Does the US really need more Soviet specialists?
Every now and then Americans are carried away by the fear that in some way or other they have fallen behind the Russians, and a crash program is needed to catch up. This has happened several times since World War II.
Just before I entered elementary school, the Russians beat us off the starting line in the space race with their launching of Sputnik. Then, in 1960, they won more gold medals than Americans at the Rome Olympics. As a result, my first few years of school were spent in learning that we had to study science and support the space program, or the Russians would outdo us in outer space. And in exercising and high-jumping we were under the constant threat from our gym teachers that, if we did not excel, the Russians would beat us again at the 1964 Olympiad. Even the new President, John F. Kennedy, got into the act: If all those Russian couples in Africa were converting the masses to communism by their examples, we were told, we had to go and convert them to democracy - in the Peace Corps.
Now, at a time when the Soviet Union is going through a sensitive period of leadership transition and the Soviet economy is experiencing declining growth rates, someone has discovered that the Russians have opened up yet another lead: the number of US specialists in the Soviet Union vs. the number of Soviet-affairs specialists in the United States.
The American public is being regaled with stories of James Bond-type KGB agents prowling US streets with Chicago accents and Brooks Brothers suits who can recite all the requirements for running in the Iowa primary. US Soviet specialists in the academic world are quoted as being deeply concerned about the declining number of students in their field. Former US ambassador and governor of New York Averell Harriman has generously given a large sum of money to Columbia University to strengthen its Soviet studies program (already one of the best in the country).
The thesis of this ''campaign'' is that all our Soviet specialists are growing old and getting ready to retire. There is no one to take their place, it seems, and America's ship of Soviet policy is about to be left without rudder or helmsman.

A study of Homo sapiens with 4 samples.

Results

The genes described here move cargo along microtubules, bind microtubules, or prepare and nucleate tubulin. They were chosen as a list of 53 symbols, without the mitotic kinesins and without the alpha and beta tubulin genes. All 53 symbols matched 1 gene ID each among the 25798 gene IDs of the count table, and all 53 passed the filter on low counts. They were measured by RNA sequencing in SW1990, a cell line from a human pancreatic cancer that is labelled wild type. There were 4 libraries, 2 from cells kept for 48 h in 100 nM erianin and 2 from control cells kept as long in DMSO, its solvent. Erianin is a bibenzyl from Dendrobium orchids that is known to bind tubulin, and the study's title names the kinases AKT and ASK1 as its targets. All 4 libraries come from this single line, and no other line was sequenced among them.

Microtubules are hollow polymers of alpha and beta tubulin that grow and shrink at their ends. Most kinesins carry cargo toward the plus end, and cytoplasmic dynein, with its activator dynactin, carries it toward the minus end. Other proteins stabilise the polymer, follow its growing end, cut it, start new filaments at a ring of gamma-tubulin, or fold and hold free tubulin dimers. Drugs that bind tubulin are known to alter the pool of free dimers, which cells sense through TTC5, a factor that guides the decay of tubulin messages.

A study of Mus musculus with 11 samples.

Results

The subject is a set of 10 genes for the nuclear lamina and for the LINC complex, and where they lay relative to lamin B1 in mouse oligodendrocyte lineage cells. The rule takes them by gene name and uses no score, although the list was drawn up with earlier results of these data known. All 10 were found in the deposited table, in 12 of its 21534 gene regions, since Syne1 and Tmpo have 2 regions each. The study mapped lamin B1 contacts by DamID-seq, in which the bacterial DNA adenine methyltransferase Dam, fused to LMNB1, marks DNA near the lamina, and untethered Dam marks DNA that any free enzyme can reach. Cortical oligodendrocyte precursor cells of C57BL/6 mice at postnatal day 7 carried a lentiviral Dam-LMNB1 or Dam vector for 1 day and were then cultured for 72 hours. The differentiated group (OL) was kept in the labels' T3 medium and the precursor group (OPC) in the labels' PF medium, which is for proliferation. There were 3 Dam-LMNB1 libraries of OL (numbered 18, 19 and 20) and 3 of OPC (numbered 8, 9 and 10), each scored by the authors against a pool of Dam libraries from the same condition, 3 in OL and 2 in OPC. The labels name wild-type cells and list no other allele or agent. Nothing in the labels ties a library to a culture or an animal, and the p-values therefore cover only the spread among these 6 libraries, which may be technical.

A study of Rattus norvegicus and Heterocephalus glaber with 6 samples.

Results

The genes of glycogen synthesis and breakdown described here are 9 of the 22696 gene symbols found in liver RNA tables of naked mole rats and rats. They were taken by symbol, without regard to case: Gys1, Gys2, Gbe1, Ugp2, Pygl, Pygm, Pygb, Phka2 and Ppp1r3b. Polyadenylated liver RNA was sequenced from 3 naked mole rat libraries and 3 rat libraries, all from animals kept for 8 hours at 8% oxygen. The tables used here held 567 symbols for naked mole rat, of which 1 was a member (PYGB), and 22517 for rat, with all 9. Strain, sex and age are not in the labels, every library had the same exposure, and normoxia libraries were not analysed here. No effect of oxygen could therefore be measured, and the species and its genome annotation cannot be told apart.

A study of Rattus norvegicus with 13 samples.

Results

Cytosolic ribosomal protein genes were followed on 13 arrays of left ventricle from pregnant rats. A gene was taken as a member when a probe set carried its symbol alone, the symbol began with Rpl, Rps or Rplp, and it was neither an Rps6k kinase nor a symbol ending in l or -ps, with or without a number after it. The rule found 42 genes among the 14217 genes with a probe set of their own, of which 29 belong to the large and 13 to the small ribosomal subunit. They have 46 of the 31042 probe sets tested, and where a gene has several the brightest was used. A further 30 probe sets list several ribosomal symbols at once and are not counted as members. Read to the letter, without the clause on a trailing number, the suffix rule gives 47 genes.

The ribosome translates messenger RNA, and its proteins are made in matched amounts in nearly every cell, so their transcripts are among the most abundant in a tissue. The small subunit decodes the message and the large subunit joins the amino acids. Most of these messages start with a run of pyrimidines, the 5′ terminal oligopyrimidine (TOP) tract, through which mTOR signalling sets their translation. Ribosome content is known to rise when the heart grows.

The situation is being blown out of all proportion. We are about to encourage a large number of young people to embark on programs of study which, although fascinating and timely from the liberal arts standpoint, are going to lead nowhere when the time comes to look for a job.
It is utterly untrue that there is a dearth of Soviet experts today, in the government or out. The State Department, Defense Department, CIA, and other government agencies have a wealth of personnel who have either academic or government training in Soviet studies and who speak Russian. American schools are already training many more Soviet specialists than there are jobs for. The Soviet desk at the State Department, for example, receives a constant flow of letters and resumes from job seekers with master's degrees or PhDs in Russian or Soviet studies. I know one woman with such a degree who is working as a secretary while she pounds the pavement looking for work in the Soviet studies field.
The reality is that the government is one of the very few places where substantial numbers of Soviet specialists can find work. US corporations are not scouting the campus placement centers looking for them. When a US firm wants someone with Russian-language ability, it will look for someone with an MBA and send him to Berlitz, thank you.
I do not deny the need for a constant supply of Soviet specialists with Russian-language ability. There is some cause for concern. A former language major at university myself, I know only too well the need for more Americans to study foreign languages and cultures, and rue the day when universities abolished language requirements. As a career foreign service officer, I am well aware of the need for more Americans to take an interest in foreign affairs and learn more about the world from which they are no longer isolated.
But rushing off madly to train hordes of Soviet specialists who will not be employed after graduation is not the answer. What really is needed is for more high schools and universities to put more emphasis on foreign affairs and language study in general. This would not only better educate Americans about the countries whose actions have such great impact on their lives; it would lead to better-educated political leaders, and they are the people who actually make the policy decisions. America can no longer afford the luxury of ignoring the rest of the planet.